But make no mistake about it, we have problems. Here in America, technology has allowed each and every voice to be heard for better or for worse. And when people are angry or feel disenfranchised or simply want to cause a stir, then it's hard to ignore their digital voices.
There are those who are oppressed and are victims. It's more than just a shame that the color of your skin will cause a whole segment of society to cast judgment upon you. Whites judge blacks, blacks judge whites, and every color of the rainbow in between either has an opinion or is subject to one. No one is innocent of these things.
Make no mistake, sin is the biggest problem that we have in our world, this desire to be our own gods instead of obeying the Creator who made our lives possible. Not everybody believes this or even acknowledges that there is such a thing as sin, but this usually changes when they find themselves the recipients of crime or violence or persecution. These ills that we witness almost nightly from our television and computer and phone screens? They are nothing less than the byproducts of an epidemic of sin.
What are supposed to do with all of this? We can watch the news shows and shake our heads in disgust at what we see, quickly blaming one side or the other. Or we can boycott a sporting event because an athlete has enraged us by what we see as disrespectful or unpatriotic. Maybe we can join the ranks of those who respond to any transgression, perceived or real, with an activism that can quickly lead to senseless violence. Or perhaps what we need to do is gather closer to "our own" so that we can live out the rest of our days unstained and unchallenged by all of the madness that seeks to personally destroy the world that we have created for ourselves. These are all available options, yet none of them really seems to satisfy or offer a suitable solution, do they?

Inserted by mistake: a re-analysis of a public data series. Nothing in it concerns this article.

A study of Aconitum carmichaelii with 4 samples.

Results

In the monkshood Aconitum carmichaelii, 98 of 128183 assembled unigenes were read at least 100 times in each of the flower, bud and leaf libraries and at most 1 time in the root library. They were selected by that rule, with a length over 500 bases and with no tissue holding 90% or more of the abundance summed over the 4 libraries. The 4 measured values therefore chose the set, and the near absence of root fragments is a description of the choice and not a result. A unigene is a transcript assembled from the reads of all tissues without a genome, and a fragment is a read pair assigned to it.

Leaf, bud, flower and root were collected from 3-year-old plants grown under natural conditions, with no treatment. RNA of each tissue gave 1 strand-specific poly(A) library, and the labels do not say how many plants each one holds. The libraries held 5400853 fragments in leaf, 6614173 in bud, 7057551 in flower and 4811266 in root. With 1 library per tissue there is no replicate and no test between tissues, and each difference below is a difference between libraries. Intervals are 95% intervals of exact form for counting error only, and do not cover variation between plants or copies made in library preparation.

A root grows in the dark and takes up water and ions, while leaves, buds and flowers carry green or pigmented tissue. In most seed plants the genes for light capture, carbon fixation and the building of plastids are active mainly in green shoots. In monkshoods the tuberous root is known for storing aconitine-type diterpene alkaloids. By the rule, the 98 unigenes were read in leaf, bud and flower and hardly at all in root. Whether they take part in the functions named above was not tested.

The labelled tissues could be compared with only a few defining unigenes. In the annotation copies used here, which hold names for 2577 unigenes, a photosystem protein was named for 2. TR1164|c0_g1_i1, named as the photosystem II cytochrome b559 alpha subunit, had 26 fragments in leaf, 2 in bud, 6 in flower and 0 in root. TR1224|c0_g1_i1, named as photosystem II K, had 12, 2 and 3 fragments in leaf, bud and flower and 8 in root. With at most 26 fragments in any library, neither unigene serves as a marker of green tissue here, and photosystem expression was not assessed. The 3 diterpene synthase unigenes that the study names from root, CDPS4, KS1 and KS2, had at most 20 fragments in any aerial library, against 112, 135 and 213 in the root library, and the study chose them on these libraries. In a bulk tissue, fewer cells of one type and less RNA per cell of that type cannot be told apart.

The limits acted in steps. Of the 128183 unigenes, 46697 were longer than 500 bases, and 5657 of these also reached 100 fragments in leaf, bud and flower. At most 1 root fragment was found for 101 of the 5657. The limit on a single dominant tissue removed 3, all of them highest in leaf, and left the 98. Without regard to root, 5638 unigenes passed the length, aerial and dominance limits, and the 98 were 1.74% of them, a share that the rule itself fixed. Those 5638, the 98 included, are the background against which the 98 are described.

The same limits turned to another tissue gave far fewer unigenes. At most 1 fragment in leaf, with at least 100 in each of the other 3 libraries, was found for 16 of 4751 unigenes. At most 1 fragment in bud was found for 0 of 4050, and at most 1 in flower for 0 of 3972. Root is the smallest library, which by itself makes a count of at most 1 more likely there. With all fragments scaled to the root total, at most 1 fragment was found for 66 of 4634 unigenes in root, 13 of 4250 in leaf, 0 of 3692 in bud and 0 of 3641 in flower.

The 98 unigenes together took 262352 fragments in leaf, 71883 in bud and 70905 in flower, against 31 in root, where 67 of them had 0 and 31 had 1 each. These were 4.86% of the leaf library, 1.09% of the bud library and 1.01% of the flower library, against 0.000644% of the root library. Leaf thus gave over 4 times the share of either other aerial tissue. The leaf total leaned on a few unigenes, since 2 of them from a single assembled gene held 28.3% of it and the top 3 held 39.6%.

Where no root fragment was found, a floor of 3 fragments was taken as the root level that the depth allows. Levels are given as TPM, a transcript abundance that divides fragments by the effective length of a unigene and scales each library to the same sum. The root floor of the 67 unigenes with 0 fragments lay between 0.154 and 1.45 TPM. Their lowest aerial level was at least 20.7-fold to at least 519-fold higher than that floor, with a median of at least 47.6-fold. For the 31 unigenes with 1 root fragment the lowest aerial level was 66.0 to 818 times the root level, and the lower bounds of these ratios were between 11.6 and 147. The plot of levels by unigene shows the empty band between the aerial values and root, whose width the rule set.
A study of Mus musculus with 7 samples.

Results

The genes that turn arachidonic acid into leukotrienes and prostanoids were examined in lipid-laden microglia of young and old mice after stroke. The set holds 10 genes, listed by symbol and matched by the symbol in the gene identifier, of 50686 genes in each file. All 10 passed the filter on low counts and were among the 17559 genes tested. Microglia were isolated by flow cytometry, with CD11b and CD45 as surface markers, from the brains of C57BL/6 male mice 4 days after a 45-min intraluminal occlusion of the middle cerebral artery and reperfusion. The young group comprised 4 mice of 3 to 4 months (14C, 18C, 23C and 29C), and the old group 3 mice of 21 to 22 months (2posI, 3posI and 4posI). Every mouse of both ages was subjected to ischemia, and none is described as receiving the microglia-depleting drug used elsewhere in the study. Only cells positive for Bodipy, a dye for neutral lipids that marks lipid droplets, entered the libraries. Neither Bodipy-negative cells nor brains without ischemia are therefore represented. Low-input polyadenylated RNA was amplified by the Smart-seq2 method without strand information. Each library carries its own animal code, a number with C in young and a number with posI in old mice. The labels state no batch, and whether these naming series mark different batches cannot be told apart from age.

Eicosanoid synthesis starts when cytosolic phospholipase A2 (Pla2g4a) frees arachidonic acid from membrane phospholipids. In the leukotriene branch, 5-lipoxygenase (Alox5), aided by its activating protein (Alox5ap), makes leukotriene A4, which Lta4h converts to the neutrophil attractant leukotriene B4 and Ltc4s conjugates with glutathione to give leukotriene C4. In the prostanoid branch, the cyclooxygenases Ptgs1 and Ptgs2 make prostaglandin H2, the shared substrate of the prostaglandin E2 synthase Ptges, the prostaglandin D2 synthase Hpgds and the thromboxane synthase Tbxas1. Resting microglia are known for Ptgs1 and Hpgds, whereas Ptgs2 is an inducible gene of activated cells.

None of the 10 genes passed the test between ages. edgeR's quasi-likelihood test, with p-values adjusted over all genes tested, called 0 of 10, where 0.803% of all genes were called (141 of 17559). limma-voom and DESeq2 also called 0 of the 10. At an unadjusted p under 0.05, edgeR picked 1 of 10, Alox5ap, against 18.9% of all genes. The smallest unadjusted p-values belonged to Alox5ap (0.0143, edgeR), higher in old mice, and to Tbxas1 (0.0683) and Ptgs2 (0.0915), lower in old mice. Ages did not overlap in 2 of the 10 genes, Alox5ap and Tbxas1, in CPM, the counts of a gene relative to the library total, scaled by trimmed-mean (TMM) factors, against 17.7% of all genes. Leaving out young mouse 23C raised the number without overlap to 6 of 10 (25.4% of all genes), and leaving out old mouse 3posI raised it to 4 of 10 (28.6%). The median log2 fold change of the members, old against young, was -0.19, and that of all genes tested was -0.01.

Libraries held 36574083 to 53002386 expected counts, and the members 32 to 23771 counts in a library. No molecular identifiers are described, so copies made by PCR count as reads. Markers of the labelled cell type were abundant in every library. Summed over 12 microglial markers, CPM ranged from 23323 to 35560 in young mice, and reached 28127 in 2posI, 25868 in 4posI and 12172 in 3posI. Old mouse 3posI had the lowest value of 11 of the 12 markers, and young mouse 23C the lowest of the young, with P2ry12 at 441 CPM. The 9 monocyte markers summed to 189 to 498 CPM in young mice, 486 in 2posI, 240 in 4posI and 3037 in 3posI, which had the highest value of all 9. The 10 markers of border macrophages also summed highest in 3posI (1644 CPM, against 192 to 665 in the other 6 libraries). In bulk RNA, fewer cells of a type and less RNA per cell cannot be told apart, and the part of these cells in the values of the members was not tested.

I will always come to the same conclusion for the world's problems - Jesus. Yes, it's really that simple. He came to die to deliver us from this mess that we've created, the one we keep trying to fix and manipulate and legislate into being the impossible utopia we want it to be. Don't get me wrong - I love this country and this planet and I thoroughly enjoy the life that I am blessed to live on it. But I also know that my roll on earth is not to fix what it broken, but rather to offer guidance and healing because of the One who healed and saved me.
In the meantime, the faith that I live out has certain responsibilities that go along with it that apply to any man or woman, regardless of their level of faith or lack thereof. When it is all said and done, what you choose to do, believe, think, or say does matter. Think about some of these questions that all of us should ask ourselves:
• Do I take personal responsibility for my life and my actions or do I choose to point the finger of blame at others first?
• Do I really care about others or do I only want things to go my way to protect my interests?
• When I see tragedy and senseless violence in the world, do I say to myself, "I'm glad that's not me! / Look at those bunch of animals!" or do I genuinely want to see people and situations get better?
• Do I truly see others as created equal or do I (secretly) give more weight and value to certain people groups over others?
• Am I brining enough to the table to see situations and people change or have I thrown my hands up in despair assuming that there is nothing that I can do?
• Am I part of the problem or part of the solution?